Mubarak to address nation among reports of pending resignation

February 11th, 2011 - 12:16 am ICT by BNO News  

CAIRO (BNO NEWS) — Egyptian President Hosni Mubarak will address the nation on Thursday evening, the state-run Nile Television reported amid media reports that he will be announcing his resignation.

Egypt plunged into chaos late last month when hundreds of thousands of people took to the streets in Cairo and other major cities to demand the resignation of President Hosni Mubarak. Some of them clashed with security forces, killing as many as 300 people and injuring thousands more.

CNN, NBC News, Fox News, Al Arabiya Television and other media outlets cited senior Egyptian government officials as saying that Mubarak would be stepping down on Thursday evening and transfer his powers to either Vice President Omar Suleiman or a joint military council. Egyptian Prime Minister Ahmed Shafik, however, denied the reports.

Earlier, Shafik told the BBC that the resignation of President Hosni Mubarak is “under discussion.” Meanwhile, an Egyptian army commander told protesters at Cairo’s Tahrir Square that their demands would be realized without providing other details.

The state-run Nile Television reported that Mubarak would be addressing the nation from the presidential palace in Egypt later on Thursday evening. It did not say if the statement would be live or if it was pre-recorded.

Also on Thursday, a statement from the Egyptian Higher Council of the Armed Forces was read on state-run television. “Stemming from the armed forces’ responsibility and committing to the protection of the people, safeguarding their interest and security, and keen on the safety of the homeland, the citizens and the achievements of the great Egyptian people, and asserting the legitimate rights of the people,” the statement said.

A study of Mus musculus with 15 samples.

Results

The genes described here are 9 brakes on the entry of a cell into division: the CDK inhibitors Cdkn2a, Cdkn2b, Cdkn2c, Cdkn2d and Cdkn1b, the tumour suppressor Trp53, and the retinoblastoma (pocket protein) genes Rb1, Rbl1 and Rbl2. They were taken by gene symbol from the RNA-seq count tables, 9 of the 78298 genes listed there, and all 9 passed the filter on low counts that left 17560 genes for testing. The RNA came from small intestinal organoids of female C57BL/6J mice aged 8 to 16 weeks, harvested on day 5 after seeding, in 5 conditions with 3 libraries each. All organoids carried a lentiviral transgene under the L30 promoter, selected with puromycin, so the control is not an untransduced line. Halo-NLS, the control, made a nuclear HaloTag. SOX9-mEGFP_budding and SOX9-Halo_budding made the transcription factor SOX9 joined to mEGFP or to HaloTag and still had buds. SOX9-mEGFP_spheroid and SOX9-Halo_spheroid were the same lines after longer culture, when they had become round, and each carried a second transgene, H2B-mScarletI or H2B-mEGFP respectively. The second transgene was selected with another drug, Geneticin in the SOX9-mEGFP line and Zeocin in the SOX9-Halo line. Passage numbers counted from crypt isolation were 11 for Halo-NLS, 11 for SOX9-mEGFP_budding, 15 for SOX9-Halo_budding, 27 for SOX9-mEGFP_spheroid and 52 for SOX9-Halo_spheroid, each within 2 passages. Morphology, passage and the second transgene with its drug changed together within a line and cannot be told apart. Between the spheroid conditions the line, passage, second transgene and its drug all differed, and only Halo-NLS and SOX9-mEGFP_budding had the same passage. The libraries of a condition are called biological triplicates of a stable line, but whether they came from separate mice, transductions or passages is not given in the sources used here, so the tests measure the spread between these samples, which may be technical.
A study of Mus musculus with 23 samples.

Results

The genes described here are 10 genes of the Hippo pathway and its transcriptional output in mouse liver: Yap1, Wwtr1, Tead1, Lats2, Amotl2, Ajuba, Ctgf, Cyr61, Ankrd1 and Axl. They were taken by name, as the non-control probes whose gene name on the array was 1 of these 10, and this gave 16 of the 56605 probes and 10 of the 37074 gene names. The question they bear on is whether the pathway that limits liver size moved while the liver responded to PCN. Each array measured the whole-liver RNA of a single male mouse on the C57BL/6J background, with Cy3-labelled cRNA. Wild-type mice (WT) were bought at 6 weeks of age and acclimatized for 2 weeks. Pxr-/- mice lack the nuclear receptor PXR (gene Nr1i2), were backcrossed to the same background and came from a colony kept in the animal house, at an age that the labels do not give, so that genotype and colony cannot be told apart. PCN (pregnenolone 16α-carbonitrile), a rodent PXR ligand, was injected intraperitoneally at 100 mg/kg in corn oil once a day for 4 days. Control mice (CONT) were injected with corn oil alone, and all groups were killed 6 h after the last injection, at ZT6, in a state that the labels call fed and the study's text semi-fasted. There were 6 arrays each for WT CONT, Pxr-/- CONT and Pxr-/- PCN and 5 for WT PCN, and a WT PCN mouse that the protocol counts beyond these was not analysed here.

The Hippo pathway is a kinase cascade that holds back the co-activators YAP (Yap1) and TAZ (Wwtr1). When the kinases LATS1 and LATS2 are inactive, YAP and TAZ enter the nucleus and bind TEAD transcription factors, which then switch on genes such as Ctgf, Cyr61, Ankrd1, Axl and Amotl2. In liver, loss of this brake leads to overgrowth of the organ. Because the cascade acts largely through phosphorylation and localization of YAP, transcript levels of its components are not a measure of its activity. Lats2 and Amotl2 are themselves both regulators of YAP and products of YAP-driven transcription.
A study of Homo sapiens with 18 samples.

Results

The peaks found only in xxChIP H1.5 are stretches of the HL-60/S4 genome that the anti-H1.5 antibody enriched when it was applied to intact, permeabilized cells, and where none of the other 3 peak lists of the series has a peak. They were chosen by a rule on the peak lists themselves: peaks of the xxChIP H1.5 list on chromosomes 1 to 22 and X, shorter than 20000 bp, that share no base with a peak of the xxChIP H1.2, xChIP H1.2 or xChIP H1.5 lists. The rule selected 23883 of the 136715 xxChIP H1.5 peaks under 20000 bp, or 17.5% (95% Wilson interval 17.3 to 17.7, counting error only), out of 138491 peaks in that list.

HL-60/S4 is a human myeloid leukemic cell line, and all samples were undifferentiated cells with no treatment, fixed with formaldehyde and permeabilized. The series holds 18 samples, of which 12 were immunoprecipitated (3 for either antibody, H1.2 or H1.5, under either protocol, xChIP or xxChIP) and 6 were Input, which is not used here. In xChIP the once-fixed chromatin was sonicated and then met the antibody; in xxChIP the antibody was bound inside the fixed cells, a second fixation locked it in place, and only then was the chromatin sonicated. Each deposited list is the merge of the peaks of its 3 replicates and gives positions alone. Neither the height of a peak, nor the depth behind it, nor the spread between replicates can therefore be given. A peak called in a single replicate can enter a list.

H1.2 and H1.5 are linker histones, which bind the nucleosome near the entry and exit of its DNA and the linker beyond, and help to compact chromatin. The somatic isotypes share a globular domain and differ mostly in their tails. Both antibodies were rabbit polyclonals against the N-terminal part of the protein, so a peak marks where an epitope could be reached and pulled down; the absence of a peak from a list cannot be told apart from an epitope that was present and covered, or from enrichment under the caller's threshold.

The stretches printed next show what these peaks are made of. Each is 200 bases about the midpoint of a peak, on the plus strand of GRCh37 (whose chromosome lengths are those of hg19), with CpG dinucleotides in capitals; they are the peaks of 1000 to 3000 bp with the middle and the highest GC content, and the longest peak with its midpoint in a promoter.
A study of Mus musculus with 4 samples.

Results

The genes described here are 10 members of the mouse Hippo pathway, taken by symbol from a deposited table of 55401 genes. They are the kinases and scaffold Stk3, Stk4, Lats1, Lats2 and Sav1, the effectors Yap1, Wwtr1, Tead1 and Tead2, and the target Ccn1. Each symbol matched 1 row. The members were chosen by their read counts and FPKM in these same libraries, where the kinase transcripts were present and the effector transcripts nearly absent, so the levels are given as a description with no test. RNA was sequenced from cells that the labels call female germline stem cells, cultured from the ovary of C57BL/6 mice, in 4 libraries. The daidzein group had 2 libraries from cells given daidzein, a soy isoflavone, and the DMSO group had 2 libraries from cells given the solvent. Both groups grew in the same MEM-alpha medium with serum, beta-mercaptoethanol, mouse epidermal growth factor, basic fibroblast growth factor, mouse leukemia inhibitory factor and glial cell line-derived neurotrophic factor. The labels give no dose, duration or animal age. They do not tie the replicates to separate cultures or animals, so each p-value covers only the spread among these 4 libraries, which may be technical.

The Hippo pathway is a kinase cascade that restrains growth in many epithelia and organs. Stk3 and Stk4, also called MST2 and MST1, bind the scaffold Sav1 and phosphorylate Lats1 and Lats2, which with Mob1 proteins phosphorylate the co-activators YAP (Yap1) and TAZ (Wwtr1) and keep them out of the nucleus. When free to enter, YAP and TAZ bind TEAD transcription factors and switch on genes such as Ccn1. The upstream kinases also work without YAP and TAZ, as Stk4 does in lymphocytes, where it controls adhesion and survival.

The statement further said that the Higher Council of the Armed Forces convened on Thursday to discuss the situation and decided to “remain in continuous session” to discuss what measures and arrangements could be taken to “safeguard the homeland and its achievements, and the aspirations of the great Egyptian people.”

In the United States, White House Press Secretary Robert Gibbs declined to provide specific comments on the situation in Egypt. “We’re watching a very fluid situation,” the spokesman said aboard Air Force One.

Gibbs said President Barack Obama was watching the news unfold on television during his flight from Andrews Air Force Base to Marquette, Michigan. He said there were no plans for Obama to make a statement.